Reporter 434, 29 March 1999
Cosmic rays so rare - one strikes the University campus every 150 years - are being hunted by University researchers using 1,600 tanks of Argentinian water.
The source of these high-energy particles, it is believed, could reveal the origins and evolution of the Universe. Millions of low-energy particles from local galaxies arrive on earth every day, but physicists have not yet been able to find the source for their highest-energy equivalents.
The rays themselves cannot be seen, but their speed and direction can be determined by detecting secondary cascades of particles they create and send towards the earth.
University professor Alan Watson and Nobel Prize winner James Cronin at Chicago University (an honorary Leeds graduate) are jointly leading a $50m international project to construct a cosmic ray observatory in Argentina - the largest astronomical collaboration in the world.
The Pierre Auger project - named after the physicist who discovered the shower effect - will place water tank-based detectors over an area the size of Lancashire to monitor the ongoing bombardment. There is also an optical detector to pick up signals at night.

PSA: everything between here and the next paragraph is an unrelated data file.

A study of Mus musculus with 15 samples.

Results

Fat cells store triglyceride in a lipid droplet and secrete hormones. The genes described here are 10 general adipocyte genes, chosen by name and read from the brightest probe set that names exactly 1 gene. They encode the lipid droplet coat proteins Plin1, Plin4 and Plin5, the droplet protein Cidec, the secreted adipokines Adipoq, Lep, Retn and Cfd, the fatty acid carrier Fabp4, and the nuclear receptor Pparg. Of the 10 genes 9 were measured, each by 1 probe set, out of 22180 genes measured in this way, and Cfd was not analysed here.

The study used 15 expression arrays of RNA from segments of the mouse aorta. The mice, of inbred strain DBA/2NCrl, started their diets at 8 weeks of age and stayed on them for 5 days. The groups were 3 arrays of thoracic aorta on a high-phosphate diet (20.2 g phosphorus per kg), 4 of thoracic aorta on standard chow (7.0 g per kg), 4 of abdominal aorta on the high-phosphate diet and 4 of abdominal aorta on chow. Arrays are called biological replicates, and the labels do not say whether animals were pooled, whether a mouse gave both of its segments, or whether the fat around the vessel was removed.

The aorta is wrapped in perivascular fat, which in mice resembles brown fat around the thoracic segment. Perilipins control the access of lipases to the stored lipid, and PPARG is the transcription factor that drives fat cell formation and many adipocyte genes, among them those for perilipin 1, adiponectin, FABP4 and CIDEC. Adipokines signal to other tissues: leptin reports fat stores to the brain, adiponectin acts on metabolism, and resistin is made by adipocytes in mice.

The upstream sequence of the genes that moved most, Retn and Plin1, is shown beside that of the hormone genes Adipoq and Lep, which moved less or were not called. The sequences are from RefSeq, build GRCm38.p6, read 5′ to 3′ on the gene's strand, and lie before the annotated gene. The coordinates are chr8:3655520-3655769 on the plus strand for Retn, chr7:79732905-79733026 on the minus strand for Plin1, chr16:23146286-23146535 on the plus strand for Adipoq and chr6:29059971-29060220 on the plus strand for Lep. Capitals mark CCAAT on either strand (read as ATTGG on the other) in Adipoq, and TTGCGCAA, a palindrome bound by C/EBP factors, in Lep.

The array of detectors will be placed over a mile apart from each other - making it impractical to join them with wires or cables. A joint project between Physics and Astronomy and Electrical and Electronic Engineering will develop communications allowing the 1,600 detectors to talk to each other. "The electric engineers are vital to the project because they have invented an original method of data transmission," said Professor Watson.
"Only a dozen or so of these really high energy particles have ever been recorded," he said. "With the new observatory we should be able to observe one every few days. It's very exciting - we will be able to do in two weeks work that took twenty years at our own observatory at Haverah Park."
The University project will be supported by a £1.75m grant from the particle physics and astronomy research council.